Laser Prizes

Listening with light – the membrane-free laser microphone

Dr. Balthasar Fischer, founder and CEO of Xarion Laser Acoustics GmbH in Vienna, receives the first prize of the 2016 Berthold Leibinger Innovationspreis.

They are familiar from spy movies: directional listening devices that use laser beams to listen in on conversations from a distance. The laser beam measures the vibrations of objects, thus enabling the playback of sound emitted in closed rooms. However, what does not work nearly as well in real life as in the movies, has absolutely nothing to do with the invention of Dr. Balthasar Fischer. Not only does his laser microphone work perfectly, but it is also based on an entirely different principle. It measures sound waves in the air or in liquids directly on site. This mode of operation is also different from that of any conventional microphone. Its applications can thus be found less in voice recordings than in acoustic metrology, including non-destructive testing with ultrasound, process control for machine tools or as a sensor for photoacoustic imaging in medical technology.

In the past, all sound recordings were based on the principle of measuring the effect of sound on a membrane or other acoustic sensor. Sound is made up of vibrations in the air. These vibrations spread out at the speed of sound, making everything they encounter vibrate as well. This is why lightweight membranes make good acoustic sensors and sound waves can be converted into electrical vibrations, or electrical signals, using various electrical effects. Although this works rather well, it also has technical limitations. The weight and measurements of the membrane restrict its use to only a relatively small range of frequencies. Conventional microphones work well in this range and it is more than sufficient for the range of frequencies audible to the human ear.

Then why create a laser microphone, what can it do better? These are questions that Balthasar Fischer knows the answer to. The Swiss scientist first got his degree in physics and then changed both his location and academic field. He studied sound engineering in Vienna, because, in addition to his interest in physics, he is also a great fan of music. As he straddled both worlds, those of sound and physics, he asked himself a fundamental question: can sound be measured with light and, if so, how? This gave rise to the basic idea of a membrane-free microphone, one that could record the vibrations in the air without a mechanical agent. Since light does not have an inert mass, it should be the ideal acoustic pick-up. But how? The vibration of a sound wave is made up of alternating denser and thinner air – or liquid. The density of a substance has an impact on the propagation speed of light; this is known from refraction effects such as the seemingly bent handle of a spoon in a glass of water. Fischer now had the idea of using this effect by measuring the periodic changes in the speed of a laser beam between two mirrors that should occur when sound waves pass through them.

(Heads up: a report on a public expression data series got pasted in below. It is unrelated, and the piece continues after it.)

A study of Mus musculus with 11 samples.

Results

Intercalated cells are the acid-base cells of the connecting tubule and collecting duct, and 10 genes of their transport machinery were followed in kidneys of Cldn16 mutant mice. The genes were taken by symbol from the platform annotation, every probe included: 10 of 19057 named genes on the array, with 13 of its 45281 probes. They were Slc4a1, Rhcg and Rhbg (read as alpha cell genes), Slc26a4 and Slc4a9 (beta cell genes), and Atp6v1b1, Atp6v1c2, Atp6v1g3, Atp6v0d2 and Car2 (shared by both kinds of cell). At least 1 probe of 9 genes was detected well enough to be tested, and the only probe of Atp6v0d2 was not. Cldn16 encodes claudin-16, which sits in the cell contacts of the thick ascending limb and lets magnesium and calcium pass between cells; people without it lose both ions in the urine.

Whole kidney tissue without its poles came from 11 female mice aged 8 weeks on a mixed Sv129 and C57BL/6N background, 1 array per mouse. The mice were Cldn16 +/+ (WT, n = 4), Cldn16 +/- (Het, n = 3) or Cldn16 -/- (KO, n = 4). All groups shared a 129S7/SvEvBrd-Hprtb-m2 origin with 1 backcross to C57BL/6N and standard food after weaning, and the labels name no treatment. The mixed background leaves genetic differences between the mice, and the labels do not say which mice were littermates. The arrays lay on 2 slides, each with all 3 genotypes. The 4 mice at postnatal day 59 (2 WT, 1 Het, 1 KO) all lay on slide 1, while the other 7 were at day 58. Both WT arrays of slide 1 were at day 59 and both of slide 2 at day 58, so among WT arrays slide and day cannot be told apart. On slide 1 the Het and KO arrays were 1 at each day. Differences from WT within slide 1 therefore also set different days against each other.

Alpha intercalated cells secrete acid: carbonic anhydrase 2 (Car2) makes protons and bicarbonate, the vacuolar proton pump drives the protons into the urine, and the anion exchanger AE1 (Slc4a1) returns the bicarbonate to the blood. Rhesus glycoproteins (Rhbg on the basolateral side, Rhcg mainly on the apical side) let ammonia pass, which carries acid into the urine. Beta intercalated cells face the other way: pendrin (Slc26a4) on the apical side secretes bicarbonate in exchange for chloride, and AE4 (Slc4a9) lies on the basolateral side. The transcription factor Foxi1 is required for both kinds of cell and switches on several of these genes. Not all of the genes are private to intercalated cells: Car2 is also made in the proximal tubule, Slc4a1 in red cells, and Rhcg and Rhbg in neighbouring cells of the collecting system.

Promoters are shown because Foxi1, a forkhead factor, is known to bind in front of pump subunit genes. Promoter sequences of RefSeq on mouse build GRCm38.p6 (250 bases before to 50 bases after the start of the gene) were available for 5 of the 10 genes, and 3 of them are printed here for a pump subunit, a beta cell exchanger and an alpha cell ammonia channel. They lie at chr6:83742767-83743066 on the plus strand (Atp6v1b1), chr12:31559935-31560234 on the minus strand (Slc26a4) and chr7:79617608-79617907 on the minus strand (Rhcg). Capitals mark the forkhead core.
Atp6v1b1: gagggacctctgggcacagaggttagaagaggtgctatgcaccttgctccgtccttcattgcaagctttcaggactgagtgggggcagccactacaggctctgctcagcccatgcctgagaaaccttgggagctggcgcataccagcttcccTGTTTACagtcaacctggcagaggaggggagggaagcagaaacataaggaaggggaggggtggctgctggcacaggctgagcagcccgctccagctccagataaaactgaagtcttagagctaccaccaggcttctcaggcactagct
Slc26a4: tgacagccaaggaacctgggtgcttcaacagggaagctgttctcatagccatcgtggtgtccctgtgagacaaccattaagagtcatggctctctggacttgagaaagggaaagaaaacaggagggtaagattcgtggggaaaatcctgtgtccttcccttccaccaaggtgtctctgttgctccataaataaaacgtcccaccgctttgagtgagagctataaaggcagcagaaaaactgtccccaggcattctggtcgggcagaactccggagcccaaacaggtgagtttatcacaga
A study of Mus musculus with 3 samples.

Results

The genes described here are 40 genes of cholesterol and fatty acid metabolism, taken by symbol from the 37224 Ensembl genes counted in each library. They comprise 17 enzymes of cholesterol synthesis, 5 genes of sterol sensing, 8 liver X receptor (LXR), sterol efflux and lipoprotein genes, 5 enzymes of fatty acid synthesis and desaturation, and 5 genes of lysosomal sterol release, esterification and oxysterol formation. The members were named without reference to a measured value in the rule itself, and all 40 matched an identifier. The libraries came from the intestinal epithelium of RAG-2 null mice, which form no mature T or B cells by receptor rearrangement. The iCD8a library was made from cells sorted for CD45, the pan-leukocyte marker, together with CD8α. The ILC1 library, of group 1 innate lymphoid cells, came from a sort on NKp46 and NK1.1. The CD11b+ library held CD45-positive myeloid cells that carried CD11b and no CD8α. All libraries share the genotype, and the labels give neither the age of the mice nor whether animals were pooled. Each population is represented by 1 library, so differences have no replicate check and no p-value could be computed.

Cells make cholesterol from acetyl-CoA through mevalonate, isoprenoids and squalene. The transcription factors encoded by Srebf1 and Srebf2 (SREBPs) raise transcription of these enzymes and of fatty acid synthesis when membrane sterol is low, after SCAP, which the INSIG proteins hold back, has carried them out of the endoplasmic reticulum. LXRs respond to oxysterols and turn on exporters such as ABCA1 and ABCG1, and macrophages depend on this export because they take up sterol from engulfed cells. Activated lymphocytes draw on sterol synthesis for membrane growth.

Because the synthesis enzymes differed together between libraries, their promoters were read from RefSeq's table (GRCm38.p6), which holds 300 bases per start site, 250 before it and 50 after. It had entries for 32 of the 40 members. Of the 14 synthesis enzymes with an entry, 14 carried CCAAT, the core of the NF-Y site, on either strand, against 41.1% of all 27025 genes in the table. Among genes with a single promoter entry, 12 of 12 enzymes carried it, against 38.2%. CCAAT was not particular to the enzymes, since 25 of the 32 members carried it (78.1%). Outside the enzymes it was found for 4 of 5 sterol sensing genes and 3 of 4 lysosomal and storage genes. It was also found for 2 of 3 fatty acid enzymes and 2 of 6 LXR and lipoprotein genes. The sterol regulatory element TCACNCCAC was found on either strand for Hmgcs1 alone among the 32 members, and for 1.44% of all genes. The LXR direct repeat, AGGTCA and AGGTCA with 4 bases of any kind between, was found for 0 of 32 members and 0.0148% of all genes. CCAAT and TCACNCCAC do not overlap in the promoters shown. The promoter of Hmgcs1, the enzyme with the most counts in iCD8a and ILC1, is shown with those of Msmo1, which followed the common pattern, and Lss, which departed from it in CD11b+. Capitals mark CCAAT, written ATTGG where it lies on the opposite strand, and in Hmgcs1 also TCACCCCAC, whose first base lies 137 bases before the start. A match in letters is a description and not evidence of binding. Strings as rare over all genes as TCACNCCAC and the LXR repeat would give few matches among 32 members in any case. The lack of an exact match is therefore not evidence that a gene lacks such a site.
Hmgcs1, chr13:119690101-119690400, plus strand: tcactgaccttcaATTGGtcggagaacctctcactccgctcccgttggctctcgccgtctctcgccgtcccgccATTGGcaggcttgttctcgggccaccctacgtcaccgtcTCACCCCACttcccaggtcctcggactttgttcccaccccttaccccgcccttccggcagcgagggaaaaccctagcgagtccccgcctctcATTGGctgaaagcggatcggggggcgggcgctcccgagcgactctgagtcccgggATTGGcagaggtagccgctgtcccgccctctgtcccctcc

Balthasar Fischer took his patented idea to Vienna University of Technology and developed it there as part of his doctoral work. After first completing extensive theoretical work, he was finally able to demonstrate that it would be technically possible. In 2012, two years after receiving his doctorate, he had developed the technology to such an extent and its potential applications were so tangible that he turned his attention to its commercialization by founding Xarion Laser Acoustics. The advantages of his microphone are its very extensive range of frequencies, which is 60 times greater than the range audible to humans, a very high sensitivity for “low tones” as well as its robustness in the face of transmissions of structure-borne sound or interference through electromagnetic waves. All of which make it easy to understand why this comparatively more sophisticated laser microphone is not vying with the classic microphone to make sound recordings.

Balthasar Fischer is first planning to market the advantages of the membrane-free microphone in the industrial sector. For example, the broad spectral sensitivity for ultrasound waves enables early recognition of wear in machine construction. And its extensive bandwidth coupled with its greater sensitivity significantly increases the resolving power of ultrasound tests, for example in finding small defects in carbon fiber components that cannot be detected with conventional ultrasound sensors. Medical imaging is another sector in which the membrane-free sensor could find application. Quite promising images of tissues have already been taken. In terms of sensor size, its measurement sensitivity is greater than that which is even only theoretically possible from the piezoelectric sensors commonly used in medical technology today. However, Fischer is thinking even further ahead with his company. As a next step, a second chip-based generation of his membrane-free microphone will make further applications possible, this time perhaps for consumers as well. In addition to an application for active noise cancelling, its use as a precise directional listening device for the car may also come into play.